Have you ever experienced the excruciating pain on the heel each time you take a walk or stand on your leg? If your answer is yes then you might be familiar with the heel pain. Have you ever wondered why your heel pains so much all the time? Well, this article will help you to unravel the intriguing facts behind your heel pain. Let’s delve straight into it.
What Is Heel Pain?
Heel pain is a common and discomforting foot and ankle problem. An individual may feel the heel pain in the back of the foot. Especially in the area where the heel bone connects to the Achilles tendon. Medication, rest, and stretching routines can reduce the pain. Completely neglecting your pain may result in the development of other chronic problems.
Causes Of Heel Pain
There are various potential causes of heel pain. A medical professional will help you to understand the exact reason behind your heel pain. Accurate diagnosing will help to manage the heel pain more effectively. Some common causes of heel heel pain include,
- Plantar Fasciitis – One of the most common causes of heel pain is plantar fasciitis. You may develop the condition when the thick band of tissue that runs along the bottom of your foot gets strained or inflamed. The intensity of pain may vary according to the individual. This condition leads to a sharp stabbing pain in the heel, especially in the morning or after a period of activity.
- Achilles Tendinitis – When the Achilles tendon gets inflamed, it may result in pain in the back of the heel. Injuries or overuse can lead to Achilles tendinitis.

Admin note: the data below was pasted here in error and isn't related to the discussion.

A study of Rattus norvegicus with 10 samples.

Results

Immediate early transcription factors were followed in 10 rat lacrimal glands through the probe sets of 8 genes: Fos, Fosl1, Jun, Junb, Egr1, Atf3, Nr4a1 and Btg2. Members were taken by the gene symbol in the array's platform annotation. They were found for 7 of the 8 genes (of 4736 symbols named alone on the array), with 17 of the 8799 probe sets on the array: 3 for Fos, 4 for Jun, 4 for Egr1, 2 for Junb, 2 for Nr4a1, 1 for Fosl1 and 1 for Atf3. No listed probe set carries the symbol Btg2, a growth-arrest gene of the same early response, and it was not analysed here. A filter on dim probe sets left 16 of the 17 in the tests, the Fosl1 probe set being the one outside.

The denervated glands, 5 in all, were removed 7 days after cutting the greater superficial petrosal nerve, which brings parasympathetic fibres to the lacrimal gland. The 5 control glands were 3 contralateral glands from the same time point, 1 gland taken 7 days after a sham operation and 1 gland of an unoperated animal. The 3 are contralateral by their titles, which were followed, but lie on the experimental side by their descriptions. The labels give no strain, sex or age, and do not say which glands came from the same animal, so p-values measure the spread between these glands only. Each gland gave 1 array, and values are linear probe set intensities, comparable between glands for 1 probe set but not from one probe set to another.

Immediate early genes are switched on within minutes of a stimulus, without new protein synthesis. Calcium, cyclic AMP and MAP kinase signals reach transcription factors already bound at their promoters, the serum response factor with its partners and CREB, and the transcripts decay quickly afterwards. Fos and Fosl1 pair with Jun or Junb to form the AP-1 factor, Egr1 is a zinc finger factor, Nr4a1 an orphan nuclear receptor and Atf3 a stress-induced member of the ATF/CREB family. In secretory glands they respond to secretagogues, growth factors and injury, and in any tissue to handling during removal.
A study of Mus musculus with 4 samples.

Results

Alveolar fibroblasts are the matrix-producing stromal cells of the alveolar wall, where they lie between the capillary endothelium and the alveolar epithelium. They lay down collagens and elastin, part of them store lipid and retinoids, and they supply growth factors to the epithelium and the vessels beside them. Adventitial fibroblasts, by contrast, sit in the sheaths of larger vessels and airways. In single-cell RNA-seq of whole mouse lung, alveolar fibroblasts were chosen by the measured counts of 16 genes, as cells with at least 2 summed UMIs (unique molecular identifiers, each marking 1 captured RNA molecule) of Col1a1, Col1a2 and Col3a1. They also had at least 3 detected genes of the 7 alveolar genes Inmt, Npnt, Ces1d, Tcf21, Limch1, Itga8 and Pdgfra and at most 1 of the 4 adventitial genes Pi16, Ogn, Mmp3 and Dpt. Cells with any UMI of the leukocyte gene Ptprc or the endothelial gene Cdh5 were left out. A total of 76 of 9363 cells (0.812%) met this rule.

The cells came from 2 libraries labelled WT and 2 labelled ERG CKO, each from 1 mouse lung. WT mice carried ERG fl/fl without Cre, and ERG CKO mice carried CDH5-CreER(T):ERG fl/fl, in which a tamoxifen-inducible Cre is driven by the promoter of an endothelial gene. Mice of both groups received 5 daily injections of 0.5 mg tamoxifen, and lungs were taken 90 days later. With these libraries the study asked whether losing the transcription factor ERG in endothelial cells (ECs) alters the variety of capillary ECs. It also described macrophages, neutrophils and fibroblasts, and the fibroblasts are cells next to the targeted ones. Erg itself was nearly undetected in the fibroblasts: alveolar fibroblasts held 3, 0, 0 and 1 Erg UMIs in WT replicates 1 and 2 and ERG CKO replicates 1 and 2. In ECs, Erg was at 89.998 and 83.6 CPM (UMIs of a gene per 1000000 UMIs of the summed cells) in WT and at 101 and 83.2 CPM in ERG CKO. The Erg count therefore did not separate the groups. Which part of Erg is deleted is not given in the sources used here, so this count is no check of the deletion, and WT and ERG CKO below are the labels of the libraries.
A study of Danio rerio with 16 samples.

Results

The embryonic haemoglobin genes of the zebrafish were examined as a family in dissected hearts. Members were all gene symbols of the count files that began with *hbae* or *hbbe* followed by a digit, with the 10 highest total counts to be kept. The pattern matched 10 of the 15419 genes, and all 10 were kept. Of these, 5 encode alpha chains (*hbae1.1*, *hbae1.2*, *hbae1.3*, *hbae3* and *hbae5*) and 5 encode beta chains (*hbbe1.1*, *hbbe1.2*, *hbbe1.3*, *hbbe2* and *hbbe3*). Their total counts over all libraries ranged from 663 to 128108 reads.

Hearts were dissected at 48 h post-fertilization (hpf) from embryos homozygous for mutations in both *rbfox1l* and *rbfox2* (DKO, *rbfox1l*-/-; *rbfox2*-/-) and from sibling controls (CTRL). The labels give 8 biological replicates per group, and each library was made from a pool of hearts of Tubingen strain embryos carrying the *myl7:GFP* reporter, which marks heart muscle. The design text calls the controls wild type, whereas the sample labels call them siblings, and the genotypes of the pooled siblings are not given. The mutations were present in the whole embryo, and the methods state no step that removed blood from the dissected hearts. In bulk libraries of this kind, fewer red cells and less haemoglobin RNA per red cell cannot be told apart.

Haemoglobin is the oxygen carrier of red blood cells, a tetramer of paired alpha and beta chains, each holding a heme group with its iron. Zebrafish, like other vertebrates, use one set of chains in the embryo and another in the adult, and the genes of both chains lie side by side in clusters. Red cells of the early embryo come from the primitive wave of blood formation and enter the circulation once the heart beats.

- Heel Spurs – Heel spur is a bony protrusion that develops on the bottom of the heel bone due to the calcium deposit. A heel spur can lead to localized pain.
- Stress Fracture – Microfractures caused by stress and repetitive impact may result in stress fractures. This condition can lead to throbbing and persistent pain.
- Aging and wear and tear – Older people have an increased risk of developing heel pain. As an individual age, the fat pad cushion may get thinner and it will result in heel pain.
- Wearing the wrong footwear – Sometimes, there will not be any underlying medical condition for your heel pain. An ill-fitting shoe or footwear can contribute to heel pain. Wearing the wrong size of footwear or high heels may add extra stress and strain to the heel.
- Other Medical Conditions – Other medical conditions like gout, arthritis, or nerve compression will also contribute to heel pain.
Symptoms Of Heel Pain
Since there are various underlying causes for heel pain, the symptoms may vary based on the root cause of your heel pain. Common symptoms of heel pain are,
- Painful bony growth
- Inability to stand for a prolonged period due to pain
- Pain in the heel that goes away after a period of activity
- Pain in the heel immediately after getting out of the bed
- Bruising or redness
Diagnosis And Treatment Of Heel Pain
Finding the underlying cause behind the heel pain will be the first step, to figuring out the reason your healthcare provider may carefully evaluate your medical history and other aspects such as your activity level, footwear choices, or previous history of injuries. For further evaluation, a physical examination of the foot and ankle and imaging tests like ultrasound, X-ray, or MRI will be needed to diagnose the origin of heel pain.
After the specific diagnosis, your doctor decides the choice of treatment. Here are some of the chief treatment choices for treating heel pain.
- Administrating proper rest
- Activity modification and restraining from doing certain activities
- Applying ice to the painful area
- Physical therapy
- Stretching exercises
- Nonsteroidal anti-inflammatory drugs
- Custom or over-the-counter orthotic insoles
- Corticosteroid injections
- Shockwave therapy
When To See Your Doctor
If your heel pain does not go away and your symptoms get worse even after a few weeks of rest, or the heel pain starts to interrupt your mobility are the telltale signs to seek medical help as soon as possible.
Heel pain is a complex issue, if you are experiencing heel pain, consult your health care provider or a podiatrist. Ignoring the signs and symptoms of feeling pain can lead to severe discomfort and potentially more serious complications.